HEALTH unions have warned that the coalition government’s moves to withdraw a previously announced 1% pay rise for all NHS staff next year are ‘inflammatory’.
Over the weekend the Department of Health claimed the miserable 1% increase, following years of a pay freeze, was ‘unaffordable’ for health workers and urged the NHS pay review body to withhold the rise for 1.3m staff.
The Department of Health (DoH) said it proposes using the funding intended for the pay rise, instead, to ‘modernise’ pay structures.
It condemned automatic increments – linked to length of service and satisfactory performance – claiming they add £900m to salary costs.
The DoH has claimed no decisions on changes to pay have been taken and insisted that the independent pay review bodies will make their recommendations in February or March next year, the same as usual.
The plans, outlined in the DoH’s submission to two independent pay review bodies, have been criticised by the RCN, Unite and Unison.
RCN General Secretary, Dr Peter Carter, said: ‘It is demoralising for nursing staff to discover that while senior managers have enjoyed a pay increase of 13% since 2009, the government is asking nhs staff to take another pay freeze to save money.
‘It is completely unfair to say a pay increase of just 1%, following years of real terms pay cuts, will prevent employers from recruiting more nurses and put patient safety at risk.
‘It is simply wrong to imply that regular pay rises are awarded to NHS staff simply for time served when this is not the case.
‘Increments are only paid when a nurse can demonstrate their experience and skills have improved.
‘It is the responsibility of employers to ensure this appraisal system is working properly.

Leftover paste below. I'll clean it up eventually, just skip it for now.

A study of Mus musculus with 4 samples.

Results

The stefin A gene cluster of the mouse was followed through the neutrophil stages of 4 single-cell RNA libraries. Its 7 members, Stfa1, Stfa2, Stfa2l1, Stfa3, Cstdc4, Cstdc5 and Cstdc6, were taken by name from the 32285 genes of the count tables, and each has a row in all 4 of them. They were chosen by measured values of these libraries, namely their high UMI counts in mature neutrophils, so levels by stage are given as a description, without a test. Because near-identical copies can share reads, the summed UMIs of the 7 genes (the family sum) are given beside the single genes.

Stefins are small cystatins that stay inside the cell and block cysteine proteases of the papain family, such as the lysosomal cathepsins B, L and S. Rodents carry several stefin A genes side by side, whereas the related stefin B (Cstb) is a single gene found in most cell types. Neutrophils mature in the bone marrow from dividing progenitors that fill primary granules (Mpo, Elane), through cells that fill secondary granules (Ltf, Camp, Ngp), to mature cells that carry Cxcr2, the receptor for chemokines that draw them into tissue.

‘To demand further changes to the national pay framework before a pay increase can even be considered is unhelpful, particularly when changes linking performance and pay have only recently been agreed and employers have barely started to implement them.
‘Another year of pay freezes for frontline staff sends a message that their contribution is not valued, while putting staff under even more pressure, which is bad for patient care.’
Rachael Maskell, of Unite, said: ‘Staff who are holding the NHS together have already had two years of a pay freeze – 1% last year – and, quite frankly, are really falling behind inflation now with their wages.’
Christina McAnea, head of health at Unison and joint chairwoman of the NHS Staff Council, warned: ‘What they have done is inflammatory.’
‘We are not going to negotiate while a gun is held to our head for a paltry 1% pay rise – our members will not react well to that.
Dr Mark Porter, chairman of the British Medical Association, warned: ‘We’re going to find it increasingly hard to recruit, partly for the specialist skills and partly for the numbers of staff that we’d need to bring into the health service to implement the safe minimum staffing levels.’